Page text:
Officials from the National Transportation Safety Board are expected Monday morning to begin investigating the wreckage from a jet crash at Santa Monica Airport that authorities believe killed all passengers on board.
Authorities have offered scant details in the wake of the crash, in part because of trouble accessing the jet.
A twin-engine Cessna Citation coming from Hailey, Idaho, veered off the right side of the runway Sunday night and crashed into a nearby storage hangar, authorities said. Both the structure and the jet burst into flames and the hangar collapsed.
A Santa Monica Fire Department official at the scene Sunday told reporters that there could not have been any survivors. Authorities have not said how many people were on the plane, and it was not clear what caused the jet to crash into the hangar.
The high temperature of the jet-fuel-fed fire combined with the fact the hangar collapsed around the plane made it difficult to access the wreckage or read the jet’s tail number. That made it difficult to identify those on board, sources told The Times.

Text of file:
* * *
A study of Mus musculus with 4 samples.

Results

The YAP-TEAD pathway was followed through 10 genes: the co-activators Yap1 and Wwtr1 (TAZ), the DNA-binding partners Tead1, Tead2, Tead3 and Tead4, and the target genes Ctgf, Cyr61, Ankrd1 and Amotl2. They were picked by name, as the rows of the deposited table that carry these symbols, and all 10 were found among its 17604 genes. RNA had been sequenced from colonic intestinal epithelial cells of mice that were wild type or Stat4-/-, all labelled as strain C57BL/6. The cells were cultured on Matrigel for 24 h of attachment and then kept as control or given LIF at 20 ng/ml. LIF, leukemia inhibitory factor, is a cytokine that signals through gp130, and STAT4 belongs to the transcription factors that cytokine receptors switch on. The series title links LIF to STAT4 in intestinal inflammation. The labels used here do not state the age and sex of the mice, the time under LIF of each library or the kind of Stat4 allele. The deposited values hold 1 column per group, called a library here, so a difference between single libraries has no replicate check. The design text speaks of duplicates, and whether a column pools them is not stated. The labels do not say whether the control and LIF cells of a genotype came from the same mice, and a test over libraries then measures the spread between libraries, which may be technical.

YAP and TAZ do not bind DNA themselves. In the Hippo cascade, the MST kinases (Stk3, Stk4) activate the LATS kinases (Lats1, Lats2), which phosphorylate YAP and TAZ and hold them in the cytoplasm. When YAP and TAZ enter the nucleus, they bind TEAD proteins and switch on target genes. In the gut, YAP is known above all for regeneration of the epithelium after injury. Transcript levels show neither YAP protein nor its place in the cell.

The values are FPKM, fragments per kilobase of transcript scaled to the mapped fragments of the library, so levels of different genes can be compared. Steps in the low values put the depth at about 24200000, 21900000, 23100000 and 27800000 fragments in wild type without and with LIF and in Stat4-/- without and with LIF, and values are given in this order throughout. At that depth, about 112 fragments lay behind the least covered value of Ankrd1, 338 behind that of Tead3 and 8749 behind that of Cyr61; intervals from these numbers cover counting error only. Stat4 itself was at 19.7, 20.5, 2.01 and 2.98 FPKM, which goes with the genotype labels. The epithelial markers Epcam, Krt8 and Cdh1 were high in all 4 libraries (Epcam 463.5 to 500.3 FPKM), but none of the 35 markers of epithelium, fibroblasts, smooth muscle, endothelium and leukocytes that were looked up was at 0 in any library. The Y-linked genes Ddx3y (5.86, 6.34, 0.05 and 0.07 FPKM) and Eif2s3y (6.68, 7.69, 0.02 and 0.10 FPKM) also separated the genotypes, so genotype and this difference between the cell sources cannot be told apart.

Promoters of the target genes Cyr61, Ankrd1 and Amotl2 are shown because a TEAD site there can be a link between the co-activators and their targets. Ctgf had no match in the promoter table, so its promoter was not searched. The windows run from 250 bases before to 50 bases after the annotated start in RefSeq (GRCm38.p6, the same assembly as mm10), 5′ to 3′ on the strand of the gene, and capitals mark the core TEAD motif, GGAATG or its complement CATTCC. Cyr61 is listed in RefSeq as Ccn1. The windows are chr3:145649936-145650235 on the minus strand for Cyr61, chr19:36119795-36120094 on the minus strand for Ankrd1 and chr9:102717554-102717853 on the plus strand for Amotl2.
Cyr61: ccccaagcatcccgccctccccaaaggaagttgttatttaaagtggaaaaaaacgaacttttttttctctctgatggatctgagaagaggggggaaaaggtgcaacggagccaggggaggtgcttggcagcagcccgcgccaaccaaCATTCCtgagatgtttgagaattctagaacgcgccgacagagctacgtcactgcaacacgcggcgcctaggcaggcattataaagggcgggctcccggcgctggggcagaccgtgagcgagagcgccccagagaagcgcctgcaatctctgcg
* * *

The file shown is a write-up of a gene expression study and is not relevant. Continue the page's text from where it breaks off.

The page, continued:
Multiple media outlets reported that a crane would be necessary to lift the hangar off the plane early Monday morning.
Jack Bonner, a 15-year-old sophomore at Santa Monica High School, was with a friend at his home on 21st Street Sunday night when he heard a loud boom "like a thunderclap."
"I was like, ‘Wow, what the heck is going on?’" Jack said. He turned on the TV and saw that a plane had crashed at the airport.
David Goddard, chairman of the Santa Monica Airport Commission, said he was driving to his home in the Sunset Park neighborhood of Santa Monica soon after the crash when he looked down Airport Avenue and it appeared as though “the fog had rolled in.”
Goddard said he could smell the burning fuel, and when he got out of his car to survey the damage, he saw a piece of the plane’s fuselage lodged underneath the collapsed doors of a building.
“Apparently the fireball was pretty big because there was brush on the north side of the building that was far away that had burnt,” Goddard said.
The Cessna business jet is registered to Creative Real Estate Exchange LLC, according to the firm's website. The owner of the plane lives in Malibu but is not named in FAA records.
The plane had made eight flights since Sept. 15, according to flight tracking websites, including four between Hailey and Santa Monica.